Plain-vanilla money manager strategies and investments can pose risks to financial stability, said the International Monetary Fund in its global financial stability report.
The report, Navigating Monetary Policy Challenges and Managing Risks, includes a chapter focused on the money management industry and financial stability relating to it.
The IMF acknowledged in its report that money managers help investors to diversify assets, provide financing to the real economy and have advantages over banks when it comes to financial stability. “Nonetheless, concerns about potential financial stability risks posed by the asset management industry have increased recently as a result of that sector’s growth and of structural changes in financial systems,” the report said.
Besides risks from leveraged hedge funds and money market funds, which the IMF said “are already widely recognized,” investment strategies such as mutual funds and exchange-traded funds can also pose risks.
The report said the delegation of the day-to-day management of portfolios “introduces incentive problems between end investors and portfolio managers,” such as evaluation of manager performance vs. peers or benchmarks. This “can encourage destabilizing behavior and amplify shocks,” the report said.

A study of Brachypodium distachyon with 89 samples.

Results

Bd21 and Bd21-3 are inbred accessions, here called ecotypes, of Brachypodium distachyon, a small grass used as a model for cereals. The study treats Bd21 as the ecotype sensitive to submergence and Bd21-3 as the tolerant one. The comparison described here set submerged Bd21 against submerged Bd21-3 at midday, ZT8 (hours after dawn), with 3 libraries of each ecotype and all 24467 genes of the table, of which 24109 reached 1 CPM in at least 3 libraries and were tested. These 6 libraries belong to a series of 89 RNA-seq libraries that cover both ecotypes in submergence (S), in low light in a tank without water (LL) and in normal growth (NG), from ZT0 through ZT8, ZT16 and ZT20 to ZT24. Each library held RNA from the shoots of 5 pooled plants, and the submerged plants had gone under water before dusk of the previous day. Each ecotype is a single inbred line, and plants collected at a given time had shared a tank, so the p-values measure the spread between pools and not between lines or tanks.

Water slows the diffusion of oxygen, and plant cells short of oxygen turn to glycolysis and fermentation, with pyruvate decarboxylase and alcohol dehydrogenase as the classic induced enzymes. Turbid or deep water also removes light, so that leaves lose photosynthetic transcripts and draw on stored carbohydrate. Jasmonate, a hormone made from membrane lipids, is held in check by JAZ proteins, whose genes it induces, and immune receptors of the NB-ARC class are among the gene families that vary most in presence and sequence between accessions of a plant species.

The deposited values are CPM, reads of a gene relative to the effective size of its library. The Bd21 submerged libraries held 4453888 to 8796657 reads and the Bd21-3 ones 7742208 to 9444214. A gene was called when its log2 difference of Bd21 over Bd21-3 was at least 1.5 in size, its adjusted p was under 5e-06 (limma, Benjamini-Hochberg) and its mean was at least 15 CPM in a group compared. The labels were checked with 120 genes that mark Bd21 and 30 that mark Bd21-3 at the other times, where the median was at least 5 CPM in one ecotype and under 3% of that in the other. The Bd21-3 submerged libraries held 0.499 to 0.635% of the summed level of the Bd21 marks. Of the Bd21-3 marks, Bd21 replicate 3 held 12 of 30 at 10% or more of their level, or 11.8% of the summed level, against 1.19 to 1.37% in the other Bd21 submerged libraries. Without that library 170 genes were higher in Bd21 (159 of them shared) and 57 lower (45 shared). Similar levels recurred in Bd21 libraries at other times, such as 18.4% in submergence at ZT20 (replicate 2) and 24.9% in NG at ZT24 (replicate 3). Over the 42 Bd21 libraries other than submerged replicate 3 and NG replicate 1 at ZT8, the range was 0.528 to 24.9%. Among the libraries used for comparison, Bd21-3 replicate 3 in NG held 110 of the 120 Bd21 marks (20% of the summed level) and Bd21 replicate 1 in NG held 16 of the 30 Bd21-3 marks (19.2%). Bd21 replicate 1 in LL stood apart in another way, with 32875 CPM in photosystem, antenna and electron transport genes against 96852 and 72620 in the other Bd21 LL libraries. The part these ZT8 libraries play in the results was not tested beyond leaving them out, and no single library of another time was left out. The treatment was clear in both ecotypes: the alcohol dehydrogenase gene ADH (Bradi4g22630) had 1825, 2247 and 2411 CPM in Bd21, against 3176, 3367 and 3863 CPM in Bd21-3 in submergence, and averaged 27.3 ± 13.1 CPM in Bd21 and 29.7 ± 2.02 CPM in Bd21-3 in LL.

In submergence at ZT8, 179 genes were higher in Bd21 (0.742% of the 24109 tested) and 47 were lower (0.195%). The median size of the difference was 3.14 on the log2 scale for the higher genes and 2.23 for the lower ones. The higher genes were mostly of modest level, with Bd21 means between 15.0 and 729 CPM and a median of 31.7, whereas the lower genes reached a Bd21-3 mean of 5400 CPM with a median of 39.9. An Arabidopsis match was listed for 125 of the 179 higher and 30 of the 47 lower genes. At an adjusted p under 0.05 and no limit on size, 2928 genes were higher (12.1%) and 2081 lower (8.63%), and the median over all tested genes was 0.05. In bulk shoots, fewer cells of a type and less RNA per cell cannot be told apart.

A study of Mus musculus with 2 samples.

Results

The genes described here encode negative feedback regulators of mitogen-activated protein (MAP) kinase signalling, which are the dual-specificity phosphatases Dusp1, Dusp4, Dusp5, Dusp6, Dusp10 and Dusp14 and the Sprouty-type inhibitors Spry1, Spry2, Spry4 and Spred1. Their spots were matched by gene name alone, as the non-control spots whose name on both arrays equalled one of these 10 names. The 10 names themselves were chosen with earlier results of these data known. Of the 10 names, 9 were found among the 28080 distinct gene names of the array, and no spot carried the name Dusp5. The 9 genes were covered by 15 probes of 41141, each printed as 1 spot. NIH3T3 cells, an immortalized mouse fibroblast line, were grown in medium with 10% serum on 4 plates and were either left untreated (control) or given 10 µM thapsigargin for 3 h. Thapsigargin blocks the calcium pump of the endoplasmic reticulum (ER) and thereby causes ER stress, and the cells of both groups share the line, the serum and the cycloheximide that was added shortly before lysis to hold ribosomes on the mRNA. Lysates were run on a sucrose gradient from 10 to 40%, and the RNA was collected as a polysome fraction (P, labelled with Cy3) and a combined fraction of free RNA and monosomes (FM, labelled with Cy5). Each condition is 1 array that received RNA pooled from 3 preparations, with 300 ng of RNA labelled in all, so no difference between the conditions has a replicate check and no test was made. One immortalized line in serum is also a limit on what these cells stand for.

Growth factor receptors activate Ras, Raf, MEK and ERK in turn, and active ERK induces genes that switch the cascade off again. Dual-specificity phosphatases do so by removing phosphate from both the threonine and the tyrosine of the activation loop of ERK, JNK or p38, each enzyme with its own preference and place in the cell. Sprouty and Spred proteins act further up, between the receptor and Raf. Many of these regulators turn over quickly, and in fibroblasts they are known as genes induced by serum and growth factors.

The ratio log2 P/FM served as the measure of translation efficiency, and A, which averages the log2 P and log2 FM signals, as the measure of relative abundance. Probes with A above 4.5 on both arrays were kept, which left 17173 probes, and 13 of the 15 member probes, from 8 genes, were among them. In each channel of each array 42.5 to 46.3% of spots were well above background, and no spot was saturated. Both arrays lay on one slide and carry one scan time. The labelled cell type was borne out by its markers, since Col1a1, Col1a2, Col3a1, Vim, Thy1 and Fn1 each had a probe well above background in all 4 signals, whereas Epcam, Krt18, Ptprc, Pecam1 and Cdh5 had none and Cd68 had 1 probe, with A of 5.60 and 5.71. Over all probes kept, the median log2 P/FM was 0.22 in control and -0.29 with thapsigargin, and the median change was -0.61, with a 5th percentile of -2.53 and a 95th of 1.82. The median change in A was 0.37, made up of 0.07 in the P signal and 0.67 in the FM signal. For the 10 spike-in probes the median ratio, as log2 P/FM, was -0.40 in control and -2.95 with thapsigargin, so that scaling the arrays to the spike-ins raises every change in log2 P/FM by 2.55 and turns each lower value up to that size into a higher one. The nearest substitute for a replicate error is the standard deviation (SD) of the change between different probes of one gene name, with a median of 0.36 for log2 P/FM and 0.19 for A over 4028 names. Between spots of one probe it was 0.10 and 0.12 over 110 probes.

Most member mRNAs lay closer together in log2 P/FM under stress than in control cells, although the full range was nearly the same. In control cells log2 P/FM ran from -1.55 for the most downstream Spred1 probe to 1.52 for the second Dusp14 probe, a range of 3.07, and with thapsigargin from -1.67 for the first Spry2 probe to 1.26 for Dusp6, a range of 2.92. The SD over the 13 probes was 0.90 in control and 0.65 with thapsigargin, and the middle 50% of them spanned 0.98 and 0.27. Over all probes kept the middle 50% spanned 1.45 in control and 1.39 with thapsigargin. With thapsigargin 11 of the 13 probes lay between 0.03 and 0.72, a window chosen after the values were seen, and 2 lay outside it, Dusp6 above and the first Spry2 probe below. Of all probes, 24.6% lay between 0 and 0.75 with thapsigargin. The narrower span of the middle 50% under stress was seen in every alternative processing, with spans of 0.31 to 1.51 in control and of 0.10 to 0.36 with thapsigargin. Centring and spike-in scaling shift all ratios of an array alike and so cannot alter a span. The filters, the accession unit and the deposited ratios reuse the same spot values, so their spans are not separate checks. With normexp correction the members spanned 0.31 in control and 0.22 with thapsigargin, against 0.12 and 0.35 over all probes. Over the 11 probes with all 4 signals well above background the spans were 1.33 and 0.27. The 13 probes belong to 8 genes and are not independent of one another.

The IMF also cited “easy redemption options and the presence of a first-mover advantage” as potentially creating risks of a run, “and the resulting price dynamics can spread to other parts of the financial system through funding markets and balance sheet and collateral channels.”
The report said empirical analysis shows evidence for risk creation, although that varies across asset markets. “Mutual fund investments appear to affect asset price dynamics, at least in less liquid markets. Furthermore, incentive problems matter: herding among portfolio managers is prevalent and increasing.”
However, the IMF added that analysis shows that size does not matter: “Larger funds and funds managed by larger asset management companies do not necessarily contribute more to systemic risk; the investment focus appears to be relatively more important for their contribution to systemic risk,” the report said.
The IMF concluded that industry oversight should be strengthened, and that securities regulators should “shift to a more hands-on supervisory model, supported by global standards on supervision and better data and risk indicators.”
The report is available on the IMF’s website.